Best-selling novelist Emilie Loring signed the contract for a “work to follow Beckoning Trails” with no idea what she might write about next–only that she would. She knew that it wouldn’t take place in Boston or Blue Hill. After the death of her husband a few months before, she needed time away, time in a new place with new ideas, time to gather herself together.
“It is only for the summer. When fall comes I will have a brand-new outlook, will have recovered my sense of direction, will know what I want to do with my life.” I Hear Adventure Calling
She chose Ogunquit, Maine.
It was vacation season and the town was a paradise for vacationists who liked the sea. They were sprinkled over boardinghouse lawns, perched on boardinghouse rails, crowded the street in every variety of sports clothing.
I Hear Adventure Calling
Ogunquit is south of Portland and occupies both bluff and beach. Featured on the cover of The Saturday Evening Post that summer of 1947, the seaside town lured artists, authors, and summer vacationers.
Chief among Ogunquit’s attractions is the Marginal Way, a mile-long walk along the prominent cliff between Ogunquit Beach and Perkins Cove.
This is what it feels like to be a seabird, a poet, a pirate, on top of the world. To take a vertiginous walk on the edge of beauty, high over the ocean, while waves pound rocks into sculptures far below, and toss starfish and tiny shells into tidal pools scooped out like cauldrons brewing the ultimate plateau de fruits de mer. Take a deep blue breath of Atlantic air and step onto the Marginal Way, which winds from Ogunquit Beach to tiny Perkins Cove…
[see the rest of Annie Graves’ Yankee article here]
Emilie walked through the garden of her hotel, still unsure what she might write about, when another guest challenged, “What can a writer find to write about here?”
Emilie replied, “Can’t a writer get a story wherever there is human nature?” And off she went to prove it.
In the story that became I Hear Adventure Calling, Fran Phillips leaves Boston for the Maine coast in search of adventure.
“I have lived such a tight little life for the last few years that I want to get away. Besides, I hear adventure calling.”
Emilie wove elements of Ogunquit into her story.
She attended the Ogunquit Playhouse, now on the National Register of Historic Places, and so did Fran.
The gay comedy had left the audience refreshed and rested, its problems pushed into the background.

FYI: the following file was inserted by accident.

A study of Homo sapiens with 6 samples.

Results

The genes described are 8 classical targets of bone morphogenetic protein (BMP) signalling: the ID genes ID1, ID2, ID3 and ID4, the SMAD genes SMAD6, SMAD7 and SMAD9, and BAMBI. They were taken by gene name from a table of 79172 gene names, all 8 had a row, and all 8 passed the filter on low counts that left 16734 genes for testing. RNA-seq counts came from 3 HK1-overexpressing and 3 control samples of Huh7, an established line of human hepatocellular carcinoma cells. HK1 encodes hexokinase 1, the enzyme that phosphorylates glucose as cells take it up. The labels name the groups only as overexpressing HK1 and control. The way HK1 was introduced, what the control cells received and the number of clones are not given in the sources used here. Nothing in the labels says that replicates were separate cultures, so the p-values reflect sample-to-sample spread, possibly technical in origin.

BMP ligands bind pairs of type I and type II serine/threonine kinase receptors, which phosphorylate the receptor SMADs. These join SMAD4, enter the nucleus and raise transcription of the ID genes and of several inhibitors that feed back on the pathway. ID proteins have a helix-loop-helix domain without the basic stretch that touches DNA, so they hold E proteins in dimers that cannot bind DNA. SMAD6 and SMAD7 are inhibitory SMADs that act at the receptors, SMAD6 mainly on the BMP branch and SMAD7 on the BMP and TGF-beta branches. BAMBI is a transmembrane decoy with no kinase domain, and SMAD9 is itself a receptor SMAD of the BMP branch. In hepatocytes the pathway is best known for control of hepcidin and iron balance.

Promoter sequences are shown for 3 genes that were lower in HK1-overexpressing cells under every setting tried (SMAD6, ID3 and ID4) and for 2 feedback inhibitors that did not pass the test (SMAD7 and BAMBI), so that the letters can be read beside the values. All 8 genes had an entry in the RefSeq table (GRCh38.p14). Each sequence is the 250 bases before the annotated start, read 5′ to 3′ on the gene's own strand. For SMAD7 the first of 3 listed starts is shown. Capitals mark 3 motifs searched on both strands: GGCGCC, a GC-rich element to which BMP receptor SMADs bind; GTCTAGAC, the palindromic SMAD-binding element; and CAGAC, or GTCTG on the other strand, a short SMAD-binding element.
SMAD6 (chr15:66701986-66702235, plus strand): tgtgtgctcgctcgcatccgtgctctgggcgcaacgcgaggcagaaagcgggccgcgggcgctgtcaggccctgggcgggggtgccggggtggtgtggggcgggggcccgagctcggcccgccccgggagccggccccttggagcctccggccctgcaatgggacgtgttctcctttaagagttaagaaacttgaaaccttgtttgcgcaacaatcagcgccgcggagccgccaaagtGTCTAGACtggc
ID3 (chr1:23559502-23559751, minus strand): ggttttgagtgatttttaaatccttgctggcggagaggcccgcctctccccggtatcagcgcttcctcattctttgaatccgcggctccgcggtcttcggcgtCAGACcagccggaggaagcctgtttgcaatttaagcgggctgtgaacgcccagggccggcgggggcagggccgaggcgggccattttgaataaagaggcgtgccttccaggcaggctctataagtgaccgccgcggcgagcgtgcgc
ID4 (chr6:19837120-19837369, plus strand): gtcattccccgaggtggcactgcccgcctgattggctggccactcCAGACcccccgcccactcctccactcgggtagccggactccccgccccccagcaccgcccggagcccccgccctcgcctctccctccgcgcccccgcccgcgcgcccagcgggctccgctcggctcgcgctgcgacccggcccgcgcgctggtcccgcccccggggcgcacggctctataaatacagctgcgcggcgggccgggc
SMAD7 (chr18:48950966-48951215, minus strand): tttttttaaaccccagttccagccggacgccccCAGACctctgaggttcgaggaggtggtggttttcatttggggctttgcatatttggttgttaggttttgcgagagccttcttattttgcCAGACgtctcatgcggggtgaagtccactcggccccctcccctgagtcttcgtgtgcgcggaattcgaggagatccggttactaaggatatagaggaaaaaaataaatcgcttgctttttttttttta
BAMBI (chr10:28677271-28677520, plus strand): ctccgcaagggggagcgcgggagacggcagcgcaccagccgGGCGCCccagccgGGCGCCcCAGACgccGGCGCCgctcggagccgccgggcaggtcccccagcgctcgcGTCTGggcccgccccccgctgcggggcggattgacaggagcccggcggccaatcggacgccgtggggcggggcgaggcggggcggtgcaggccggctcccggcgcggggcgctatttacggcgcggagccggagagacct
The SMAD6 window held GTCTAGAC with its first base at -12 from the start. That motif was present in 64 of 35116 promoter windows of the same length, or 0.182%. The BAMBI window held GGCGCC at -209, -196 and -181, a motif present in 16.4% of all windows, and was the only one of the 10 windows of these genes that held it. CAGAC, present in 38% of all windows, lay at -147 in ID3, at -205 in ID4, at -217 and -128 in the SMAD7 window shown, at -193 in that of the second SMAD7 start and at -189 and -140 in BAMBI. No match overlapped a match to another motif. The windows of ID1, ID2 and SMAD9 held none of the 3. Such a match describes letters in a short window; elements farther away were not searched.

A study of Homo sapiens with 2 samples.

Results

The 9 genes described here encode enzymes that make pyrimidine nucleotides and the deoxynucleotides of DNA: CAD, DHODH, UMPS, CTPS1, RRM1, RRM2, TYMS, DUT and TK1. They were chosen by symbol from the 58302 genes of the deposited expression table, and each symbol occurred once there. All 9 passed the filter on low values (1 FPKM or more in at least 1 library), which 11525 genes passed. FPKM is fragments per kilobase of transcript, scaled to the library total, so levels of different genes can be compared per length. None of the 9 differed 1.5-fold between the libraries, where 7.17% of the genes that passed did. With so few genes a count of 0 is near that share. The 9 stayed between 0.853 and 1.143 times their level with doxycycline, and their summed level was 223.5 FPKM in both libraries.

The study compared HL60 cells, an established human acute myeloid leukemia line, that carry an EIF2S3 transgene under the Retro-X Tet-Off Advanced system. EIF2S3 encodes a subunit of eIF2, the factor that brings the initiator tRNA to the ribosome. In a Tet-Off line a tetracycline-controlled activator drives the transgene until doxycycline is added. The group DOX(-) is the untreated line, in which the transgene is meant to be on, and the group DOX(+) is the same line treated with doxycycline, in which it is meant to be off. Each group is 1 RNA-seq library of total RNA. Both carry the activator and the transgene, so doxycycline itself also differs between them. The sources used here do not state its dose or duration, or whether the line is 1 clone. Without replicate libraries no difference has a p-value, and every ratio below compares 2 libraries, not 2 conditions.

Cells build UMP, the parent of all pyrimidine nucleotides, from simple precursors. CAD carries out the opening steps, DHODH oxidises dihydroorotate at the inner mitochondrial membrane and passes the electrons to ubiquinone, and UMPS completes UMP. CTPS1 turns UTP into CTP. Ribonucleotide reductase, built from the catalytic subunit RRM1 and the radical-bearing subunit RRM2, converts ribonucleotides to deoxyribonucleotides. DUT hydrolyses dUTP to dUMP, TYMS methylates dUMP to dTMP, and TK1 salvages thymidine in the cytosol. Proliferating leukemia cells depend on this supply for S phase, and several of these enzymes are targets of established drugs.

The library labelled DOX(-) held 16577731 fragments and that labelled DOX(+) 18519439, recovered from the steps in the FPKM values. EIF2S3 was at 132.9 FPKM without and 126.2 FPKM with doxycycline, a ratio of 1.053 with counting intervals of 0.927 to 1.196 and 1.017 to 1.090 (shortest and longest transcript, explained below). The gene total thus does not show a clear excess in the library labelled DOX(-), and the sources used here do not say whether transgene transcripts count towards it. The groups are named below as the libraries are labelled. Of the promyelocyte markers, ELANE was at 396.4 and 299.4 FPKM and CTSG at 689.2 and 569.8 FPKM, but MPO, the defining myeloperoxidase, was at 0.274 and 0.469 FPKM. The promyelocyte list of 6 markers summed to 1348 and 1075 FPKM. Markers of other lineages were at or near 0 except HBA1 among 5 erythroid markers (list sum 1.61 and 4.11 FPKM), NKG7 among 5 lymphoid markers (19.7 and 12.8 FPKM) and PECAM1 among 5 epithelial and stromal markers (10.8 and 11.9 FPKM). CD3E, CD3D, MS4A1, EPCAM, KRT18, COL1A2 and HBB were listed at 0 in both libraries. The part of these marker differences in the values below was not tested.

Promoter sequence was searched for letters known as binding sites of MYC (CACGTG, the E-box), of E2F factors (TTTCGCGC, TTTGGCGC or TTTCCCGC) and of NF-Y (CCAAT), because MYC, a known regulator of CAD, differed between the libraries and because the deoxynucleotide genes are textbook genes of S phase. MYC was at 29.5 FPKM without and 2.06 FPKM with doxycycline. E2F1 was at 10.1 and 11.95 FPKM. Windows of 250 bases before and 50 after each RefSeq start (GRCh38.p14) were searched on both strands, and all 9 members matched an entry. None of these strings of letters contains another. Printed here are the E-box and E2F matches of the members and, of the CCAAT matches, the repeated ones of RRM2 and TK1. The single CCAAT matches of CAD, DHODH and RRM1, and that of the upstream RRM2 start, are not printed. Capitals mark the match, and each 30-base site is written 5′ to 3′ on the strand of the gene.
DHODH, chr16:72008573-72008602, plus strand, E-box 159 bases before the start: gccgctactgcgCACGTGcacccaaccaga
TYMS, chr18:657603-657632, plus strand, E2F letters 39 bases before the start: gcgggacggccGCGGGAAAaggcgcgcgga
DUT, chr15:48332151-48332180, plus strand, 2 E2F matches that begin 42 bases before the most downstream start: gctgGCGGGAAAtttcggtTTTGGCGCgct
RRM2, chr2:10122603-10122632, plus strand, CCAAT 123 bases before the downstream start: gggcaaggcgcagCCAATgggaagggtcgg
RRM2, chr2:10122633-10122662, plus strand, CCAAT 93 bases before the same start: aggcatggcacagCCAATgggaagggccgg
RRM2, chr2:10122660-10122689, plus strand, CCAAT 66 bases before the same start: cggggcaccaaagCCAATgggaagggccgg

Several small galleries in the art colony at Perkins Cove suggested Fran’s new position. As a sales assistant for the Sargent Gallery, she is soon embroiled in the mystery of a missing painting.
The work was intensely interesting, the contact with outstanding achievement stimulating. Keeping in step with this job would leave no time for fear.
There’s a definite sense that Fran and Emilie are the same in this story. Emilie’s trademark optimism is challenged by fears, and no wonder. At eighty-one, her best and closest supports–her parents, siblings, and husband–had all died. She had left Beacon Hill and her beloved Boston to move back into the house in Wellesley Hills where she had raised her children. Her elder son, Robert, lived there now, but she missed Victor’s easy company, and she wasn’t ready to become a back number.
With twenty-seven novels to her credit, she set herself the goal of at least three more and headed on her own to the Maine coast where she’d always found strength and inspiration.
Like Emilie, Fran chafed at being under someone else’s control. In her case, that was Myles Jaffray, appointed her guardian until her brother could return from postwar duty.
“The new trustee can’t hold back my income due September fifth if I sidestep meeting him, can he?”
But Myles proved both a good companion and a steady helpmate in her plan to conquer fear.
“Keep your imagination on leash. … Each time you allow fear to get you it will be more difficult to keep the next crack under control. You lived through the war when Ken was in the thick of the fighting, didn’t you?”
“While on the subject I will observe that I am a matrimonial prize; expert dishwasher, as a cook I have a few specialties, and note this, I have never acquired the newspaper-at-breakfast habit.”
Her appreciation for her marriage to Victor inspires an extended passage:
“If a couple goes into marriage knowing that adjustments are bound to be tough, that the going may be plenty rough in spots, yet, believing it to be the great adventure, that the rewards in companionship, in sunny stretches of road, in shared laughter, shared intimacies and interests will overbalance the hazards, such a marriage ought to result in a genuine till-death-do-us-part relationship and that is the only one I will settle for.”
You can almost feel the sigh as the fog lifts from Fran’s–and Emilie’s–spirit.
“I love life, but when I get up in the morning feeling so sour that I take the sunshine out of the day for everyone I meet I hope the good Lord will remove me from this earthly scene.”
The beautiful things in life remained as real, as enticing.
She seated herself at a table equipped with choice old Georgian silver, pale yellow china of paper-thin delicacy, and a tall frosted-glass pitcher and glasses.
“Hot, thank you. Somewhere I read that the hotter the day the hotter the tea should be for refreshment.”
“You dance like a dream,” he declared after they had circled the room. “Like it, don’t you?” “Love it. Always have. Always will.”
“Always have. Always will.” Emilie Loring had lived through many challenges and a number of dark periods in her life, and her sunny philosophy always found a way through it.
I like the way she signed her personal copy of I Hear Adventure Calling when it was published: “Emilie Loring. Her book. October 16, 1948.”
Her book. She signed a contract to write another.
Nothing so restful as a decision, it cleared the way for the next move.